It is always morbid to talk of what ground nations might gain from disasters such as the downing of Malaysian Airlines Flight 17, but international politics has never been a place for the squeamish.
For US President Barack Obama, the attack has provided him with atypical room for patience as, curmudgeons like John McCain aside, many of his typically loudest Republican detractors seem willing to let investigators in Ukraine come to some definitive conclusion on the nature and extent of Russian involvement rather than criticise his supposedly weak foreign policy.
In the longer term there is a very real possibility that the legacy of the disaster might be a Europe that is more engaged in affairs to its east, and maybe even further afield, as its leaders become aware that their own interests are increasingly at threat from a rising tide of conflict and instability.
President Obama spoke in terms similar to these in a White House briefing shortly after the MH17 attack (which claimed the lives of 193 Dutch citizens, along with Belgians, Brits and Germans), calling it a 'wake up call' for Europe and warning that violence could no longer be contained to the continent's fringes.
This comes after the US had been left frustrated by the failure of European governments to match Washington's high-level sanctions on Russia, which enjoys the insurance of considerable interdependence with European nations that might otherwise challenge it, particularly concerning the supply of energy.
Just a day before the downing of the MH17, Obama reluctantly went it alone, beefing up penalties on Russia's energy and defence interests over its continued material and ideological support for the Ukrainian rebels, while Europe opted only for so-called 'Tier 2' actions that froze assets and banned travel for Vladimir Putin's closest offsiders.
Obama will have been pleased to see UK Prime Minister David Cameron's support for escalating to the tougher Tier 3 sanctions in light of the disaster, and calling for the continent to 'make our power, influence and resources count'. He will no doubt closely follow announcements out of Brussels, and indeed Berlin and Paris, to see how far that wave of indignation spreads.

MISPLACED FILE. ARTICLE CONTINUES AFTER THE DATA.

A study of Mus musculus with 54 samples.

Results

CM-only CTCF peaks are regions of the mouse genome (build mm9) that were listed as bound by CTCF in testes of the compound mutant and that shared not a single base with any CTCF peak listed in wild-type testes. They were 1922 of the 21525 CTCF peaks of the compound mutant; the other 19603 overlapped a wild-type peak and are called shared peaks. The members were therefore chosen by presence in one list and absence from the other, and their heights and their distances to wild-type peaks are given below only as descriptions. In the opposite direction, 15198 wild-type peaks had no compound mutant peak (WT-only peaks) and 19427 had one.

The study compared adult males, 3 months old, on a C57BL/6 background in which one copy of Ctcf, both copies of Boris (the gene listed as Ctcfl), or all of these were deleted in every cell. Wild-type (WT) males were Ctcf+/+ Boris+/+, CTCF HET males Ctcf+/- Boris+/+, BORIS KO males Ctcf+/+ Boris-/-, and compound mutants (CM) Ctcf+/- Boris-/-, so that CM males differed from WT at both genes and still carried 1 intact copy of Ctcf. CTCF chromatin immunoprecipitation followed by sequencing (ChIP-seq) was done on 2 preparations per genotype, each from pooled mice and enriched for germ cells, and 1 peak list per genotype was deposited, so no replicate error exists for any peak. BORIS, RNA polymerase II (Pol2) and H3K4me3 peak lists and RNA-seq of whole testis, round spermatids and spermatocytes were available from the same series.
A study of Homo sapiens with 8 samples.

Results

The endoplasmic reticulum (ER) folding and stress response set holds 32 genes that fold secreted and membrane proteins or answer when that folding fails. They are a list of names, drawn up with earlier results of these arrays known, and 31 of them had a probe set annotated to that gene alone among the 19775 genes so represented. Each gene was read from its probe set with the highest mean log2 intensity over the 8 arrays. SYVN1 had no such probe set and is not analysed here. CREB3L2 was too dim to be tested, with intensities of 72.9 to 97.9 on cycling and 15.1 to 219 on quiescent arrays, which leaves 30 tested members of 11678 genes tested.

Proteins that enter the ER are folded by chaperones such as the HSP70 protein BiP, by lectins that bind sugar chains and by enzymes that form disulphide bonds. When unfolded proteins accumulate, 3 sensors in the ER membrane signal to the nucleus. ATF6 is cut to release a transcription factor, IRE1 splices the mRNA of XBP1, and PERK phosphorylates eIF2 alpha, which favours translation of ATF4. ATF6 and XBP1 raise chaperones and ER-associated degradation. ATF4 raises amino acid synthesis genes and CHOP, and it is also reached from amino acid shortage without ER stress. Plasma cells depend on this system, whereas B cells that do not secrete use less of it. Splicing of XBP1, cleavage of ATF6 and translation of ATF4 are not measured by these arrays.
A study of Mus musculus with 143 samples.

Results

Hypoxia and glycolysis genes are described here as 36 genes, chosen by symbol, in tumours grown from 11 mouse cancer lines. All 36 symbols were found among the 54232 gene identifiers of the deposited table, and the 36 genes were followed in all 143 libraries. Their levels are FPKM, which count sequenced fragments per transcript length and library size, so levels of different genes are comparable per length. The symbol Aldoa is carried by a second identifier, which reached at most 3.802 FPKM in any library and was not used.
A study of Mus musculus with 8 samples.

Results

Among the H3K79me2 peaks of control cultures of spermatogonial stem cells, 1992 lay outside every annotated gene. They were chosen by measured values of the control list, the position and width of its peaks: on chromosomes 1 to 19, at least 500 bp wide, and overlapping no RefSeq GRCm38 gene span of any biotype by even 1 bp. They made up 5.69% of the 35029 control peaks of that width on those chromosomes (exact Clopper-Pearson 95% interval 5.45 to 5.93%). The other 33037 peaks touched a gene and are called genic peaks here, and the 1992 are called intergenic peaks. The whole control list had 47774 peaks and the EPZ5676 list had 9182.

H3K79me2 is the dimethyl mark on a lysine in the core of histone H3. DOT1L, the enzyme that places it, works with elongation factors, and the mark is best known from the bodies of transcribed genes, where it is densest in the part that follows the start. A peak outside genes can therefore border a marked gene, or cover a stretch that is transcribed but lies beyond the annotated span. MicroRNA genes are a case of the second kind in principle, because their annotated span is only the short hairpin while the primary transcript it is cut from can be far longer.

Such a change in European fortunes could be considered overdue, with the continent largely a source of frustration for US foreign policy in the Obama years, despite the rapture with which Europe's leaders and citizens greeted his election after the disastrous relations of the Bush years.
Europe's continued economic calamities and political disunity have denied Obama much-needed support in tackling many of the international obligations from which he had hoped to remove the US in order to focus on the domestic sphere.
With a majority of Americans still favouring a withdrawal from foreign entanglements (according to the latest poll from Politico), stronger multilateral partnerships with Europe on security and other matters could be a shot in the arm for a somewhat floundering Administration. With Japan also coming to the party in the Asia Pacific — by moving to reinterpret its pacifist constitution and face up to the rise of China — it seems Obama might finally be getting what he wants on the international stage.
The problem now is one of time. With a little over two years left to run in his presidency, there may be far too little of it to achieve the vision.
Photo by Flickr user U.S. Ambassador Gutman.